As he continues to slip in the polls, Donald Trump is claiming the election is “rigged” against him: Dead people are casting ballots from the grave. Illegal immigrants are pouring over the border to vote for Hillary Clinton. Democrats are voting 10 times each in “certain areas,” like inner-city Philadelphia. He even suggested, in the final presidential debate, that he might not accept the results of the election if Clinton wins.

This is nonsense. Voter fraud is a very small problem in American elections, and voter impersonation, which Republican-backed voter-ID laws purport to address, is exceedingly rare. There have been only 31 allegations of voter impersonation since 2000, out of 1 billion votes cast—meaning more people are struck by lightning than impersonate another voter at the polls.

Yet Trump’s inflammatory rhetoric has already had damaging consequences. According to one poll, 73 percent of Republicans believe the election could be stolen from him. The Trump campaign is recruiting “Trump Election Observers” to “Stop Crooked Hillary From Rigging This Election!” And some of his supporters are explicitly calling for racial profiling at the polls against “Mexicans. Syrians. People who can’t speak American,” as Steve Webb, a 61-year-old carpenter from Fairfield, Ohio, told The Boston Globe.

Some prominent Republicans, like John McCain, have denounced Trump’s statements and his refusal to accept the election outcome if he doesn’t win. But when it comes to voter fraud, Trump is simply pouring gasoline on a fire his own party created.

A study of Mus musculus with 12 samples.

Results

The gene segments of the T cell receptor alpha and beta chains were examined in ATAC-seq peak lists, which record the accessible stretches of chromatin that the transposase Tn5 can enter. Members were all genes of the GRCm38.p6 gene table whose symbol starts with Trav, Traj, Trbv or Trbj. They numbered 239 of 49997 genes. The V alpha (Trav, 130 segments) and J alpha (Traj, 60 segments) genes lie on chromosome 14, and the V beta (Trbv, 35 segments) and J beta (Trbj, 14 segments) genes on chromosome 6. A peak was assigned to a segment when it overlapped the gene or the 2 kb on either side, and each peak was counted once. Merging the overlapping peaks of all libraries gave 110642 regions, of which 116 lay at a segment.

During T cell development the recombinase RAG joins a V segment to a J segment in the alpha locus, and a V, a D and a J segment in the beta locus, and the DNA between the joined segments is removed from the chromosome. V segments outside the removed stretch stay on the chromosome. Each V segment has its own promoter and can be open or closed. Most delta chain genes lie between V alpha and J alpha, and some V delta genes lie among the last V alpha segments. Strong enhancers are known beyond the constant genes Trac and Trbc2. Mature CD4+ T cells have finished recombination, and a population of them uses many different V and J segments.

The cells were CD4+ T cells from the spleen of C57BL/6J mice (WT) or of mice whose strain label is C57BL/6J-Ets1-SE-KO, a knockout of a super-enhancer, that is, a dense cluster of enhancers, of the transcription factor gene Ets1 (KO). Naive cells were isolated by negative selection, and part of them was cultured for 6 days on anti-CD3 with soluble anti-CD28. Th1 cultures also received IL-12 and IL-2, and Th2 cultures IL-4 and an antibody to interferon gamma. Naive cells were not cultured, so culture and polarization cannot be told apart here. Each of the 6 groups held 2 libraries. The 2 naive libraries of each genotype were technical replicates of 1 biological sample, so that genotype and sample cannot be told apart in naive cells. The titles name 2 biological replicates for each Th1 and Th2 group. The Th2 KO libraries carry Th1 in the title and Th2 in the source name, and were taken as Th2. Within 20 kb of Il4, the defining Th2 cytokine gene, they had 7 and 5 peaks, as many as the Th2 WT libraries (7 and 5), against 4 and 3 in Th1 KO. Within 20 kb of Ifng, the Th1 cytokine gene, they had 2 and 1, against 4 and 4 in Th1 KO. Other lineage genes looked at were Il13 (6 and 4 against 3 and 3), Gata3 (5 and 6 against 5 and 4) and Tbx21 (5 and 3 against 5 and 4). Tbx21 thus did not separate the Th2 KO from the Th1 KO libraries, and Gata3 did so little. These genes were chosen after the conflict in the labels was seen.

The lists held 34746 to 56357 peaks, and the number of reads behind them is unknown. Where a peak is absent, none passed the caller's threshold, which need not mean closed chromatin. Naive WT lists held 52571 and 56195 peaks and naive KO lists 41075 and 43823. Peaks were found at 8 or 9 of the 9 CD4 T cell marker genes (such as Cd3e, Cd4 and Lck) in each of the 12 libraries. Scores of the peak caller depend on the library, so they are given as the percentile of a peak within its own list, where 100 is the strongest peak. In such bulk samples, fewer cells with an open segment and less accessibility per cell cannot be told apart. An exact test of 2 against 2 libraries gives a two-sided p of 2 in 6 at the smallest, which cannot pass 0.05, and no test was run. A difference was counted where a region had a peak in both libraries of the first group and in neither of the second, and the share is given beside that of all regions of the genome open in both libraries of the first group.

The GOP’s fraud crusade dates back to the 2000 election in Florida, when Republicans disenfranchised Democratic-leaning voters—by illegally purging thousands from the voting rolls, for example—and then brazenly labeled Democrats as rampant cheaters. Manufacturing a controversy over voter fraud became an effective way to build support for new efforts to limit access to the ballot, like strict voter-ID laws, cuts to early voting, and shutting down voter-registration drives.

The real danger to American democracy stems from Republican efforts to make it harder to vote. If there’s any rigging happening in the election, it’s this: 14 states have new voting restrictions in effect for the first time in 2016, which will be the first presidential election in 50 years without the full protections of the Voting Rights Act.

The truth is that voter suppression is a much bigger problem than voter fraud. In Wisconsin, Republicans haven’t presented a single case of voter impersonation in court, yet the state’s strict voter-ID law could disenfranchise 300,000 registered voters this year. “A preoccupation with mostly phantom election fraud leads to real incidents of disenfranchisement, which undermine rather than enhance confidence in elections,” wrote Federal District Court Judge James Peterson. As The Nation’s Ari Berman reported, one registered voter in Wisconsin, a naturalized US citizen since the age of 8, was told to spend $345 on her naturalization papers to get a photo ID to vote.

The watchdog group Democracy North Carolina documented more than 2,300 cases of voters whose ballots were rejected in 2014 after the state eliminated same-day registration and out-of-precinct voting. That was 1,150 times greater than the two cases of voter impersonation committed in North Carolina from 2002 to 2012, out of 35 million votes cast.

Let’s be very clear: It’s incredibly unlikely there will be widespread voter fraud on Election Day. But there will be eligible voters who are turned away from the polls. That’s the true threat to election integrity we should be focusing on. It’s not enough for Republicans to denounce Trump’s rigged-election comments. They must renounce their own party’s voter-suppression efforts if they want to stop Trumpism from spreading further after the election.